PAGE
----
Silver by Chris Hammer



Journalist Martin Scarsden returns to Port Silver to make a fresh start with his partner Mandy. But he arrives to find his childhood friend murdered – and Mandy is the prime suspect. Desperate to clear her name, Martin goes searching for the truth.

The media descends on Port Silver, compelled by a story that has it all: sex, drugs, celebrity, and religion. Martin is chasing the biggest scoop of his career, and the most personal.

As Martin draws closer to a killer, the secrets of his traumatic childhood come to the surface, and he must decide what is more important – the story or his family…


**********MY THOUGHTS**********



Having read Chris Hammer’s Scrublands last year I was delighted to get hold of his new book, Silver.  Martin Scarsden, the sacked journalist we met in Scrublands, is moving back to his boyhood home, Port Silver, to be with his partner, Mandalay Blonde. Both have links to the coastal town that the other is unaware of. As soon as he arrives in town he is faced, literally, with the murder of his childhood friend and his partner is prime suspect. As a journalist Martin feels impelled to investigate, to clear his partner and identify the real killer.

There are plenty of suspects as we meet characters who were in Port Silver when Martin was young, as well as those who are important to the town of today and the story neatly brings possible killers into focus. The description of the fictional town is very well written and with property development around the town it gives a background for intrigue and opportunities for skulduggery. There is also plenty of the relaxed Australian coast lifestyle, with surfers, sharks and beach parties and all of this together makes for a very interesting and enjoyable read.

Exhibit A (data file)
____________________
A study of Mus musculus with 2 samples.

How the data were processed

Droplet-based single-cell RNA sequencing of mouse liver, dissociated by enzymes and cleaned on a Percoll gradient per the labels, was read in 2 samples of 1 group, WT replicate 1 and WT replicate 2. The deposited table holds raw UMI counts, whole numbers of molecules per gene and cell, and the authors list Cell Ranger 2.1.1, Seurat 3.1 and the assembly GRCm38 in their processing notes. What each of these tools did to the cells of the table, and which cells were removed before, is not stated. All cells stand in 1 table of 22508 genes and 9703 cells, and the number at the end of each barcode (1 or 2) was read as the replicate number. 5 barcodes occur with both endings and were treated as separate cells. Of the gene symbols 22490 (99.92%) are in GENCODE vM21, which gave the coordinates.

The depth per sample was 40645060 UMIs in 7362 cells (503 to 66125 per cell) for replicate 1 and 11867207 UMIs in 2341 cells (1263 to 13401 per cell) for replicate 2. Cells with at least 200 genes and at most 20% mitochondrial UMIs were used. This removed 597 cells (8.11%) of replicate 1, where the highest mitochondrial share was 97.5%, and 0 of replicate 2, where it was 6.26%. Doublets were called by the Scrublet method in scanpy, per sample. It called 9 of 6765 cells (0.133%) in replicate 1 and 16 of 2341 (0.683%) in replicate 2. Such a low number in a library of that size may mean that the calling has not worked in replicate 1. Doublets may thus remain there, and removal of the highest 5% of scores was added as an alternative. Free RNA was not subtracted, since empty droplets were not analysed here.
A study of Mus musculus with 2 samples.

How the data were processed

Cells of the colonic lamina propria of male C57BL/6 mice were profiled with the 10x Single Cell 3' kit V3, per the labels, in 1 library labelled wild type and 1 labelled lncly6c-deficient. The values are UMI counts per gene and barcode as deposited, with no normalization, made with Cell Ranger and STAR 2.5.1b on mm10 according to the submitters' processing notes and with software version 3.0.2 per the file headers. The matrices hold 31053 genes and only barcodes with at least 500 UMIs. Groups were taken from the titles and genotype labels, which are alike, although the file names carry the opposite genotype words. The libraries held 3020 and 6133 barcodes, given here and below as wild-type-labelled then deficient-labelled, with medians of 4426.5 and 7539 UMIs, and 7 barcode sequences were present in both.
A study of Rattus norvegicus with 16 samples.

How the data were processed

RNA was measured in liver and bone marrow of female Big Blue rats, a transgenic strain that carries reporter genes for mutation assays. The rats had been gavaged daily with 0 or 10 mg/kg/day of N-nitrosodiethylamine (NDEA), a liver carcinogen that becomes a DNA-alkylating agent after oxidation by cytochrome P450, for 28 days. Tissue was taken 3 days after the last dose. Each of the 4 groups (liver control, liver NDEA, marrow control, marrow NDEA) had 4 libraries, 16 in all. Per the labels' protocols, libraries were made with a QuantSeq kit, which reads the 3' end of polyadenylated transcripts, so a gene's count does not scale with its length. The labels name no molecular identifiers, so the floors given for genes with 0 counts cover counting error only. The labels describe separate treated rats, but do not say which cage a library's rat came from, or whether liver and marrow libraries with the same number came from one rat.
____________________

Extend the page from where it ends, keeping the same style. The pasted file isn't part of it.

The book wonderfully intertwines stories from Martin’ childhood, before he left town at eighteen, the wider town, some of the characters and exploring family memories long buried, these events come up from time to time as an alternate story line throughout the book. The passage of time is well used for Martin to reassess people and events, both in his quest to understand his childhood and solve the case, and as the book progresses we learn a little bit more about this some what misguided character.

This is a big book! At just over 550 pages this may put people off, but I would say don’t be as it is a worthwhile read. The various strands keep you guessing as the story twists one way and then another, subplots are revealed without over-complicating the investigation and characters are drawn under suspicion before the tension ratchets up another level. The character of Martin is well drawn, we learn through him the obsessive nature of investigative journalism – as the puzzle is resolved, personal relationships are strained.

We meet some of the characters from Scrublands and if you have read this first book it may give background to some of the characters here, especially to Martin and Mandalay’s relationship but Silver can be read as a standalone story and a good one at that.

I would like to thank Caitlin Raynor @Bookywookydooda from the publishers for my wonderful gifted copy.  Out on January 9th 2020.